On Tuesday evening last week, my cell phone blared with an emergency alert. Here in Sonoma County, in northern California, the only time my phone has made that horrifying sound in the past was to warn me about evacuating ahead of a wildfire. This time, it was a “shelter-in-place” notice to slow the spread of the coronavirus.
Though the right response to wildfire often involves fleeing and the correct response to the coronavirus is to stay home, successful responses to public emergencies require a communal effort and rely on mutual trust that our individual commitments to do the hard thing will protect us all.
Sonoma County’s experience with wildfire shows that if we individually do what we’re supposed to do, our communities can avoid a worst-case scenario.
On October 8, 2017, a series of wildfires swept through Sonoma and neighboring counties. Most people learned of the fires through worried calls from friends, neighbors pounding on the door, or smoke alarms going off. The county had limited tools for alerting residents, and hesitated to use them for fear of creating widespread panic. But as a result, by the time the severity of the fires became apparent, first responders had to first focus on warning and evacuating people rather than fighting the fires. Thousands of panicked residents fled through the smoke in the middle of the night, only to get stuck in traffic jams. 24 people in Sonoma County died and 5,300 homes burned down.
In the following two years, people directly affected by the fires have tried to rebuild their homes and lives, and those of us in the broader community have supported friends and local businesses as they seek to return to normal. Government officials, who received well-deserved criticism for their response to the fires, upgraded technology, systems and plans for responding to the next disaster—which came far sooner than anyone expected.
On the night of October 23, 2019, the Kincade fire started in the northern part of Sonoma County. Officials ordered initial evacuations within an hour after the fire started. Over the following days, thousands of firefighters poured into the county—and the weather forecast got worse. Concerned that high winds would push the fire into heavily populated areas and into rural communities surrounded by forest that hadn’t burned for decades, elected officials systematically ordered town after town to evacuate. On a sunny Saturday morning, with little wind and no smoke, tens of thousands of people began leaving their homes. Knowing what happened just two years earlier, most people complied with the evacuation orders. There was heavy traffic but it was orderly, and this time drivers didn’t have glowing embers blowing past their vehicles. By the end of the weekend, more than 180,000 people had evacuated.
As the wind whipped up the fire, firefighters focused on putting out each new flare-up. With empty streets, crews could quickly be repositioned as the fire shifted. They pounded on doors, not to warn residents, but to break into homes that had caught fire and to put out the flames before the entire structure burned. With their fast response, firefighters kept the fire at bay on the edge of the town of Windsor (population 25,000), preventing it from tearing through the town and burning into the countryside that is home to tens of thousands more. In the end, the Kincade fire burned 78,000 acres but destroyed just 174 homes. Nobody died.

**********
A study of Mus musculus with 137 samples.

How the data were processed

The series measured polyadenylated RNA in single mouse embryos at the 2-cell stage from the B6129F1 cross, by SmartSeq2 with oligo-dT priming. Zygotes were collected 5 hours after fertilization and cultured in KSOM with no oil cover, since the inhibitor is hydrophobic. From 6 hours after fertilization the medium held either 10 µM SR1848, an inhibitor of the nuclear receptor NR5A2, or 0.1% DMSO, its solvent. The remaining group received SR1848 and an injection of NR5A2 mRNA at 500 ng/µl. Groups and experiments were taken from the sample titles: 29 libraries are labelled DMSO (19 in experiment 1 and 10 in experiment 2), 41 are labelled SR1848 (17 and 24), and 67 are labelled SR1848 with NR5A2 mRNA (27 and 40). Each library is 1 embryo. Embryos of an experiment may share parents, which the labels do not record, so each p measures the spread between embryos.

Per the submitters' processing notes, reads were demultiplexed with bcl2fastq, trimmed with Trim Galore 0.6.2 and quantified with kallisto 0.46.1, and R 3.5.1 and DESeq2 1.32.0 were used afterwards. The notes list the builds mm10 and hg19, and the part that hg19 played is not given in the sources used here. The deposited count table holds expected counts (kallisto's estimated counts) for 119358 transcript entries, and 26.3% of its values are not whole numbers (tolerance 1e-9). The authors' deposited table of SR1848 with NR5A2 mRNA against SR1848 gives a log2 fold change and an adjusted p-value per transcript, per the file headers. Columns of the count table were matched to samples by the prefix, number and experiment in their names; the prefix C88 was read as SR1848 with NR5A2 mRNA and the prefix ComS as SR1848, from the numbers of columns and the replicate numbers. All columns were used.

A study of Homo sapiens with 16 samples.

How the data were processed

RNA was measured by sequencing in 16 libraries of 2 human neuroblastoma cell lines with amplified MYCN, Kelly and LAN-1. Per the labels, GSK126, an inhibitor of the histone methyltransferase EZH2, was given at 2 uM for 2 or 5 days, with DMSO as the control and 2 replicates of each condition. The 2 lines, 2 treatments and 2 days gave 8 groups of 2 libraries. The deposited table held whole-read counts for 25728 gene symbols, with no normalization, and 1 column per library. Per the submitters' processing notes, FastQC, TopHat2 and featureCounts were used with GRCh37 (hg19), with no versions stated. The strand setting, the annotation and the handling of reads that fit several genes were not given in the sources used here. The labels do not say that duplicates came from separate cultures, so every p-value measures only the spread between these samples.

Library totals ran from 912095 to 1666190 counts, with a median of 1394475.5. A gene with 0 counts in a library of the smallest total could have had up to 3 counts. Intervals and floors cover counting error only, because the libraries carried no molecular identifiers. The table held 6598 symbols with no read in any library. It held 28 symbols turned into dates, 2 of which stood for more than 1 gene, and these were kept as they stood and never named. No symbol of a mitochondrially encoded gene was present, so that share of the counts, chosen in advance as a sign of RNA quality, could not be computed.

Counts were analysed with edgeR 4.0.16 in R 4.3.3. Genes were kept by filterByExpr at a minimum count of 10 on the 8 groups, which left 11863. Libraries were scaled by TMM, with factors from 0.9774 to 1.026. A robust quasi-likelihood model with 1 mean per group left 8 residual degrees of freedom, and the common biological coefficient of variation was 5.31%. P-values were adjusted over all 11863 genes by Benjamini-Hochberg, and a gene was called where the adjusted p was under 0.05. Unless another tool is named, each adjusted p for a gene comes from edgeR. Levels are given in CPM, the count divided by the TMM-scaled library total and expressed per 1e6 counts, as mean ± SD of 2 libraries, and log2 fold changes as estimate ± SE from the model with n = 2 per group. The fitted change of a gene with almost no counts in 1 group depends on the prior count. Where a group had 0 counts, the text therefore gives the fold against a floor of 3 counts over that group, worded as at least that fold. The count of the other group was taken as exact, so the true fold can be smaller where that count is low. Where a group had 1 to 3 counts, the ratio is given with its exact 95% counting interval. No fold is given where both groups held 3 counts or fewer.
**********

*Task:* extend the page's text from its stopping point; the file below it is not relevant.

In some corners, whispered grumbling was heard: The evacuations were immensely disruptive. People far from the fire missed work and lost income, school was canceled for a week, and the county’s economy took a $620 million hit—all for a fire that did relatively little damage. Why did so many people have to leave their homes if the fire turned out to have been so well contained?
But that question didn’t resonate for most county residents. We remember 2017 clearly enough to appreciate what the Kincade fire could have done, and to understand that it was our community-wide mobilization that meant the Kincade fire didn’t do more damage. By evacuating in advance, residents freed first responders to focus on the fire, instead of having to warn residents, rescue people who were trapped, and navigate through traffic. Our collective commitment to act before the danger was imminent meant that we turned a potential disaster into a non-event.
There are lessons to be learned here about imagining and preparing for a worst-case scenario, but the main lesson we can implement right now, in the face of the coronavirus threat, involves the value of a collective response.
According to the experts, a successful response relies just as much on all of us individually doing the hard, inconvenient or painful thing. We need to stay home as much as possible, shunning the close social interactions with friends and acquaintances who have helped us weather previous threats. As a result, many of our friends and neighbors will see their incomes plummet and will need help from the rest of us. These social and economic changes will be gut-wrenching.
But as residents of Sonoma County know, the alternative to an orderly and committed collective response to a threat isn’t business as usual. It’s a panicked retreat with results that are far worse.
Remembering that, I’m responding appropriately to the emergency alert, and preparing to help restore my community once the threat has passed.
Photo: Santa Rosa Fires via Flickr CC BY-NC 2.0
Associate Director and Senior Policy Analyst, Frontier Group
Elizabeth Ridlington is associate director and senior policy analyst with Frontier Group. She focuses primarily on global warming, toxics, health care and clean vehicles, and has written dozens of reports on these and other subjects. Elizabeth graduated with honors from Harvard with a degree in government. She joined Frontier Group in 2002. She lives in Northern California with her husband and son.